People make up all kinds of shit when you ask them about their earliest memories. Most of the time, almost all the time, they don’t even know they are making things up. People believe all kinds of shit. People say all kinds of shit—even when they don’t believe it, even when they don’t know what they’re talking about.

There are all kinds of ways to do those kind of things and all kinds of things that trap us in the tales we tell. There are the well-known illusions and tricks of consciousness. There are the lies we know we are telling and the much more serious ones that we don’t realize are lies. There’s the posing and posturing; our reflex like need to mark out our turf, defend, counterattack and strike, pre-emptively if possible. Then there’s all the weird stuff that’s more difficult to map out and even to name. Stuff that locks us into conflicts we barely begin to understand, conflict with ourselves and with others.
It starts young. I remember hearing my kids (they were perhaps 4 and 8) in the kitchen arguing. I walked in to hear Josh saying forcefully to “it’s a lemon”. Rachel replied even more firmly “it’s a melon.” In a spiralling escalation they argued back and forth: “it’s a melon”, “it’s a lemon”, “no it’s a melon”, “no it’s a lemon” round and round they went. Before leaving the room I felt obliged to point out to them that the object sitting on the table in front of them was in fact usually called “an onion”. They paused for a moment, both staring perplexed at this strange object that was suddenly inescapably there – and then they exploded in astonished and delighted laughter.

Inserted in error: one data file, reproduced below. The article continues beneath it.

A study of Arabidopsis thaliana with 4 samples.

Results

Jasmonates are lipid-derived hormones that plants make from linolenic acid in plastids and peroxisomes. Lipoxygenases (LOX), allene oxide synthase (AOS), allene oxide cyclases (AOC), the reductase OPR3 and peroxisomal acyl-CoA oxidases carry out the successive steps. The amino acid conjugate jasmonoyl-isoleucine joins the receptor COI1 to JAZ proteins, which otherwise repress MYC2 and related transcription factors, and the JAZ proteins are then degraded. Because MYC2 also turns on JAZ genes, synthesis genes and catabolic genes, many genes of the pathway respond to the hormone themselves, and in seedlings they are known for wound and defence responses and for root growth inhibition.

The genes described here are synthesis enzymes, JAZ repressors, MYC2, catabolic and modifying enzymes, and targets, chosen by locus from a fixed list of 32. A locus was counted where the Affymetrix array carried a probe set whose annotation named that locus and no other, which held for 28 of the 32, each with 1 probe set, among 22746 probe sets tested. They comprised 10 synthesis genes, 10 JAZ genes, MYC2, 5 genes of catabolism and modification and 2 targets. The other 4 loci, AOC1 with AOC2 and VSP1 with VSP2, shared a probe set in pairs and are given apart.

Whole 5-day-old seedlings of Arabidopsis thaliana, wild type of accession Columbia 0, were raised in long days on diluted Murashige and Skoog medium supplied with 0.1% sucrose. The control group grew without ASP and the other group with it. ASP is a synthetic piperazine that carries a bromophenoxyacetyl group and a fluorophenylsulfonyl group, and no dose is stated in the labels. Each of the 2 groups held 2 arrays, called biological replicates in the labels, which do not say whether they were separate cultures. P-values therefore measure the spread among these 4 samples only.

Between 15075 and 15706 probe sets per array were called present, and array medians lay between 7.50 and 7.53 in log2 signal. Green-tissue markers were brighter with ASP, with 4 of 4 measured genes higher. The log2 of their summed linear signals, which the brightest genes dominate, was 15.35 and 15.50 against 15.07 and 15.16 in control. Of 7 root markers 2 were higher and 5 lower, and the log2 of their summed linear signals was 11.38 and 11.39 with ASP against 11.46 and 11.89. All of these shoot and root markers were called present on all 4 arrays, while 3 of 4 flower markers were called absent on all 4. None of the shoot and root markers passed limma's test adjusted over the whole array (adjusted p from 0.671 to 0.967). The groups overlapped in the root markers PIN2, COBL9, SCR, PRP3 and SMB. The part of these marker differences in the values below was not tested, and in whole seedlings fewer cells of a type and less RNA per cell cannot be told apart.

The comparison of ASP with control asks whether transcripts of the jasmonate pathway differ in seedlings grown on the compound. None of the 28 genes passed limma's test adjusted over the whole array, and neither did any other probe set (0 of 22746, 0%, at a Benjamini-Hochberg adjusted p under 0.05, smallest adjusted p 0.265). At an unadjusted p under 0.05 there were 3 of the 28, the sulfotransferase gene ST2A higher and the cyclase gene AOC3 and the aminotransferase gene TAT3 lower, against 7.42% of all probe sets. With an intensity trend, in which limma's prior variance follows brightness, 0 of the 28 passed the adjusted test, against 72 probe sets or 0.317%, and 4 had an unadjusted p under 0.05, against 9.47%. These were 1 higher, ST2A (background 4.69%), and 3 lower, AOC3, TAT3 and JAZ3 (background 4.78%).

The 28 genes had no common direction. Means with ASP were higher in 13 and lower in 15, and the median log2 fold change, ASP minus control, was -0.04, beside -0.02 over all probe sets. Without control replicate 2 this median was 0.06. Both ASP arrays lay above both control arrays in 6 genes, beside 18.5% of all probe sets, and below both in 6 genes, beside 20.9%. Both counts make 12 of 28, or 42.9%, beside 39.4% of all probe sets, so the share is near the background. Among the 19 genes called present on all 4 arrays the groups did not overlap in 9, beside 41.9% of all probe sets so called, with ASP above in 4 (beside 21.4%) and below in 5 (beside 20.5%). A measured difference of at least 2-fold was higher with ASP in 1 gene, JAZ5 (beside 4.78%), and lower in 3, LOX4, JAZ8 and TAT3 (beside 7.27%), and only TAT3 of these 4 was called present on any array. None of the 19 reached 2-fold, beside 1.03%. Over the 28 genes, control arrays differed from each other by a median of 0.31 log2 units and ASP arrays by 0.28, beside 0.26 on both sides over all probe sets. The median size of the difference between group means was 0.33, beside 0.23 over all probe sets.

Tragically, not all conflicts are resolved in this way. Sometimes we never discover that it’s an “onion”. However, in this case the revelation of the roots of the conflict produced a moment of joy, where the tensions of the conflict were transformed and forgotten. It was a great moment for them and for me -- perhaps for different reasons, perhaps not.

Here’s another one of those “kids say the darndest things” thing.